9 Secrets From People Who Live the Longest

These nine principles can add years to your life.

The secrets to a long healthy life may not be as elusive as they seem. In 2014, more than 70,000 Americans lived to be at least 100 years old. So, what might these people be doing that we aren’t?

Dan Buettner, National Geographic Fellow, bestselling author and the creator of the Blue Zones, traveled the globe to identify the places in the world with the highest population of people living beyond 100 years of age. He dubbed these places “Blue Zones.”

Common themes among the Blue Zones, which include Sardinia, an Italian island in the Mediterranean Sea, Nicoya Peninsula, Costa Rica, Ikaria, Greece, a community of Seventh Day Adventists in Loma Linda, California and Okinawa, Japan include these nine principles. These pillars of a long, healthy life are known as the Power 9 principles.

Your Guide to the Power 9:

1. Move Naturally

The benefits of regular exercise are seemingly endless. Physical activity boosts weight loss, improves mood and more, but you don’t have to rush to the gym or run a marathon to reap these benefits. Instead, residents of the Blue Zones, allow their environments to help them move in the garden, washing dishes and more.

2. Purpose

Let’s face it — going through the motions of your day-to-day life can be exhausting, and even a bit boring. Luckily, something as simple as finding your sense of purpose can add up to seven years to your life. And that’s not all — a sense purpose can improve your heart health and protect your brain from disease.

Looking for simple ways to find your purpose? Decide what you’d love to do most, set specific goals and meditate.

3. Down Shift

We all experience stress — even people who live in Blue Zones. Not all stress is bad, but chronic stress can take a toll on your health, leading to conditions like depression, high blood pressure and heart disease. Take a page out of the BZ book and find a way to decompress.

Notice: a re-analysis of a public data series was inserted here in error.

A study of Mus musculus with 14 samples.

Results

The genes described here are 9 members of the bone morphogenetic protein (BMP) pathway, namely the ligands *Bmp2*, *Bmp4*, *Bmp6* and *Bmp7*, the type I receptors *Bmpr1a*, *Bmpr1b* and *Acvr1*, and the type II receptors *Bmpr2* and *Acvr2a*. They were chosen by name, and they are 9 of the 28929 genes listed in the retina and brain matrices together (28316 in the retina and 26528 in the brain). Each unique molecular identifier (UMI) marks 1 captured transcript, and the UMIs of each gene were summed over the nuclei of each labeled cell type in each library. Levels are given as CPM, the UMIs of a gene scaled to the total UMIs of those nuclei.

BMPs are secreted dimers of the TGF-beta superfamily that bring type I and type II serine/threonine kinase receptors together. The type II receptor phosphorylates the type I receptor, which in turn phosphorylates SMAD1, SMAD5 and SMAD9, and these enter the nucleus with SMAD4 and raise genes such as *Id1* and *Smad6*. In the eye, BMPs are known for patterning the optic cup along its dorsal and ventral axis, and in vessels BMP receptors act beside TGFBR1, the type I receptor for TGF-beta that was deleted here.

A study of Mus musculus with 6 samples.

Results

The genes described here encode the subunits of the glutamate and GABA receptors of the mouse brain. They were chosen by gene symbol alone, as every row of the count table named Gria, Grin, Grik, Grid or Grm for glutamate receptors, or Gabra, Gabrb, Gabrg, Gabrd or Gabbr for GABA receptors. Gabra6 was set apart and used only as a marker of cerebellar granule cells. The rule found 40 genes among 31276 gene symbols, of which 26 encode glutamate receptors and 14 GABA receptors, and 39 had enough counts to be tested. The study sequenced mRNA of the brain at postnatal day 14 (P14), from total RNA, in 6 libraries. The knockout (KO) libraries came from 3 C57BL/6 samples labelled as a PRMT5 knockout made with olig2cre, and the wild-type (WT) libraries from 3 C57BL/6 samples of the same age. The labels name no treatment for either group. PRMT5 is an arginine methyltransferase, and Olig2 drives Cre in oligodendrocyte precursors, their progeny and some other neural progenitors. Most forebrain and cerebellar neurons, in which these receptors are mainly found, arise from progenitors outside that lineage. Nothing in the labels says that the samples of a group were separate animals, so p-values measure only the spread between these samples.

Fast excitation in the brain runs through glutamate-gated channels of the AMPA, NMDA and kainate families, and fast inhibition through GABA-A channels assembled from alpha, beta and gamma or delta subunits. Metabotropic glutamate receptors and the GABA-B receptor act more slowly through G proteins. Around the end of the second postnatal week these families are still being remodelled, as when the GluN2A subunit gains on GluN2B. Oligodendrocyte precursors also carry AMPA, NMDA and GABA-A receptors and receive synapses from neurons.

The Sardinians, for example, enjoy happy hour to relax, while Ikarians take a nap. If you’re feeling stressed, take a walk, try meditating or spend time with your family and friends.

4. 80 Percent Rule

About two-thirds of American adults are considered overweight or obese. Excess weight is linked to higher rates of diabetes, heart disease and certain cancers, all of which shed years off your life. You don’t have to slash your portions to be “healthy,” but you shouldn’t stuff yourself either.

The rule of thumb? For a longer life, eat until your stomach is about 80 percent full — you should not feel hungry, but you shouldn’t necessarily feel full either.

5. Plant Slant

Plant-based diets are a popular in the Blue Zones, but you don’t have to live in these regions to reap the benefits of a veggie-rich diet. On average, people in Blue Zones eat five small servings of meat, primarily pork, per month. Rather than eating meat, they load their plates with plant-based proteins, like beans and lentils. People who eat less meat have lower rates of heart disease, the leading cause of death among both men and women in the United States. 

6. Wine at Five

Are you a lover of a nightly cocktail? Well, you’re in luck! Moderate drinking — categorized as one daily drink for women and two for men — has been linked to longevity. Studies suggest moderate drinkers live longer than those who drink more heavily, and even those who don’t drink at all.

7. Belong

Faith is an important part of life in Blue Zones, regardless of denomination. Members of faith-based communities — a group of individuals who unify around a specific religious or spiritual belief — who attended services four times each month can expect to add between four and 14 years to their life. 

8. Loved Ones First

Those with close-knit families may be destined to live longer. The most successful members of these Blue Zones are married — which can up your life expectancy by three years — live near aging parents and grandparents and invest time in their children.

9. Right Tribe

A motivational speaker named Jim Rohn famously professed that you are the average of the five people you spend the most time with. Research suggests he might be right. Take the Okinawans, for example, who create small groups — called moais — that are committed to one another for life and tend to share the same healthy behaviors. Spending time with people who smoke, are unhappy or have unhealthy eating habits will make you more likely to do the same.